Under that shapely bonnet lies the same basic 5.9-litre V12 you’ll find in a DB9 but tweaked to deliver an extra 60bhp for a total of 510bhp, although torque remains unchanged at 570Nm. Those figures sound hugely impressive as does the 191mph top speed and the 4.3 seconds it takes to reach 62mph. But while the DBS feels quick, pushing you firmly into the seat when you flatten the accelerator, it never feels shatteringly fast by supercar standards, although the delicious snarl from the exhaust when its special valve opens at 3500rpm more than compensates.
And the DBS's V12 is both silky smooth and incredibly flexible, pulling hard from as low as 1500rpm meaning you rarely have to stir the slick six-speed manual gearbox.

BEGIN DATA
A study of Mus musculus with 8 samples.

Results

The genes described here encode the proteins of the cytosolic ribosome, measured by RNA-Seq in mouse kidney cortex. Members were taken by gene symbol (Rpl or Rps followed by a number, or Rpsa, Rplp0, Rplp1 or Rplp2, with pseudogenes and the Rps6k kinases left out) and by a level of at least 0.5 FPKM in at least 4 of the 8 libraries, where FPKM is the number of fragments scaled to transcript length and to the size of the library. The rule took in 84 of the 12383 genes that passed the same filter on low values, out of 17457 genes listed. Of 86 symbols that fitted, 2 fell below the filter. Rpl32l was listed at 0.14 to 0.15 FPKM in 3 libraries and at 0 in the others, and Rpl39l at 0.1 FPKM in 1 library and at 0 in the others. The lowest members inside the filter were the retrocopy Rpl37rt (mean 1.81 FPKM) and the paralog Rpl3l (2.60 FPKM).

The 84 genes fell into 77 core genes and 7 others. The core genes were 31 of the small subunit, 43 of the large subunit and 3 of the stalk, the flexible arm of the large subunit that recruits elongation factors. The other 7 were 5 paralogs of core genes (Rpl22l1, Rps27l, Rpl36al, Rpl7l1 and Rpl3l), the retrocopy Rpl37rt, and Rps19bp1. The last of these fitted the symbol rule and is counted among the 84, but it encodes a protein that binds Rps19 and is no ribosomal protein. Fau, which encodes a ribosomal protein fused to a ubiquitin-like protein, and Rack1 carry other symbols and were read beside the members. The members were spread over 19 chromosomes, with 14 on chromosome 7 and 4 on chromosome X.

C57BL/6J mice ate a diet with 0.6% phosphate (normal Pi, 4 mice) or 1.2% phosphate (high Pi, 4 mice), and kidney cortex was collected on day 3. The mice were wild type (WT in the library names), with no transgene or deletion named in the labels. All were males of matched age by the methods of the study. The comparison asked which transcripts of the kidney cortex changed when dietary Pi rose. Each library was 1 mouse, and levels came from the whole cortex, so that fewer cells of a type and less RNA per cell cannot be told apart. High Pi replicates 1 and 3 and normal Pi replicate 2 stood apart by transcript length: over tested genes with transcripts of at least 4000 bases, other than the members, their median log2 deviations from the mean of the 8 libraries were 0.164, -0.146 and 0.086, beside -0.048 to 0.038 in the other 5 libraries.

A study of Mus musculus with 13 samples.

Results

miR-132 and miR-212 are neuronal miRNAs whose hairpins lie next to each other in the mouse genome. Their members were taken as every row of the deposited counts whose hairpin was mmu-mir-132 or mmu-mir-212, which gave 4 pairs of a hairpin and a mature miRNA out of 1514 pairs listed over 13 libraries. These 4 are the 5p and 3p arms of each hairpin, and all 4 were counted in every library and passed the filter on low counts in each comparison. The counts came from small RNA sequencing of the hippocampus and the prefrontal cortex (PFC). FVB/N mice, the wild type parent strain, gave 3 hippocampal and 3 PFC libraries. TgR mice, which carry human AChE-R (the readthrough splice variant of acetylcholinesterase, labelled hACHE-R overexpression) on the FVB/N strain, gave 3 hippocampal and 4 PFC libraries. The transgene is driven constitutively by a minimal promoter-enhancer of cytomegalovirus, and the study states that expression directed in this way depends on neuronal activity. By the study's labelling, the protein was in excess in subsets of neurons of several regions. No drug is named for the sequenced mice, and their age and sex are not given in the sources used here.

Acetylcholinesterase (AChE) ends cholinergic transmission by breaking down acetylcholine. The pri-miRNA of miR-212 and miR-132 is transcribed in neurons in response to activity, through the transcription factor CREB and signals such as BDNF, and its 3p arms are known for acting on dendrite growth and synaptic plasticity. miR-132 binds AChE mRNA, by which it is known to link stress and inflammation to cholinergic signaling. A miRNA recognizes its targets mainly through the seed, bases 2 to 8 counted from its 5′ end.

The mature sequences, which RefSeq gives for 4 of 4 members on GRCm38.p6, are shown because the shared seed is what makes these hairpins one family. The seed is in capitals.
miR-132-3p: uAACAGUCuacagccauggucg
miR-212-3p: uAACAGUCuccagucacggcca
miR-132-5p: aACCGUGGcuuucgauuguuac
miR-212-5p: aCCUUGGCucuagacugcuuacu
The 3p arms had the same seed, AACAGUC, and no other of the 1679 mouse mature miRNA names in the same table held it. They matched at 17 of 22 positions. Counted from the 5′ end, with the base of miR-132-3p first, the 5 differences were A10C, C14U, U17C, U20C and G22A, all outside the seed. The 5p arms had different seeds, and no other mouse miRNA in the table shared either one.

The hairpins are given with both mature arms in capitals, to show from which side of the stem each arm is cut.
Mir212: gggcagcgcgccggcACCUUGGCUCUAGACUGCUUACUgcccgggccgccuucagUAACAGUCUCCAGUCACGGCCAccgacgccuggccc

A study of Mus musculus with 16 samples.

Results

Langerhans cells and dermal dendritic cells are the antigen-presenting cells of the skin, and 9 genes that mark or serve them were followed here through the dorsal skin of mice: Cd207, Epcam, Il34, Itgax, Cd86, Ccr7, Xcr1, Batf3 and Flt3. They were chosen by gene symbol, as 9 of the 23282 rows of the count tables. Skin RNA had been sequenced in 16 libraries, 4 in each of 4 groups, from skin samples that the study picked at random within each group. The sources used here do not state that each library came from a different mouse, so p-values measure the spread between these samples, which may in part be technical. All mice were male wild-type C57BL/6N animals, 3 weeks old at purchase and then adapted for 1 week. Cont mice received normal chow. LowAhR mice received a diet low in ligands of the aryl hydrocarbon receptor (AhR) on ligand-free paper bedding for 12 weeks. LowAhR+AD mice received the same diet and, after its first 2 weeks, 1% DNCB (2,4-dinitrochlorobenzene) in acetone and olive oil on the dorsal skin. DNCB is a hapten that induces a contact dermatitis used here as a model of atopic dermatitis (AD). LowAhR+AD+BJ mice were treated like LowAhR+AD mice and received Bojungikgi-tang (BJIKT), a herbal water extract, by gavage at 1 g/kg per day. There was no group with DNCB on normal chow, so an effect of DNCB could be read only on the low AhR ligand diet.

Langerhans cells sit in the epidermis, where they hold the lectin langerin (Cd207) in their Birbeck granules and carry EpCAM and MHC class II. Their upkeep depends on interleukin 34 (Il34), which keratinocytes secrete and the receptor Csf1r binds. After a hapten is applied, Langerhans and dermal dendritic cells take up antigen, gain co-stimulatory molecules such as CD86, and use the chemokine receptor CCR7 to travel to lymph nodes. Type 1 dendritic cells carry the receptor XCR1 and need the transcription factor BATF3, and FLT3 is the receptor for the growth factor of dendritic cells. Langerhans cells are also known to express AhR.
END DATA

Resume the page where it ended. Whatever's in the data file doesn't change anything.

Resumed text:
Only those expecting the DBS to be some kind of trackday special could possibly find anything significant to dislike here. And in fact the Aston would definitely hold its own on a circuit but it's on the road where it really shines. Accurate well-weighted steering, a brilliantly balanced chassis that feels massively stiff and surprisingly supple and the stickiness of the new 20-inch tyres are what you notice first.
And then you reach for the middle pedal and discover the Aston's best feature. Carbon ceramic brakes are fitted as standard and are the best in the business being hugely powerful and full of feel. Also standard are two-stage dampers. The soft setting is fine for normal use but allows too much float at high speed although Aston says that has been revised for customer cars.
The Sport setting significantly improves body control but is just too stiff for the road.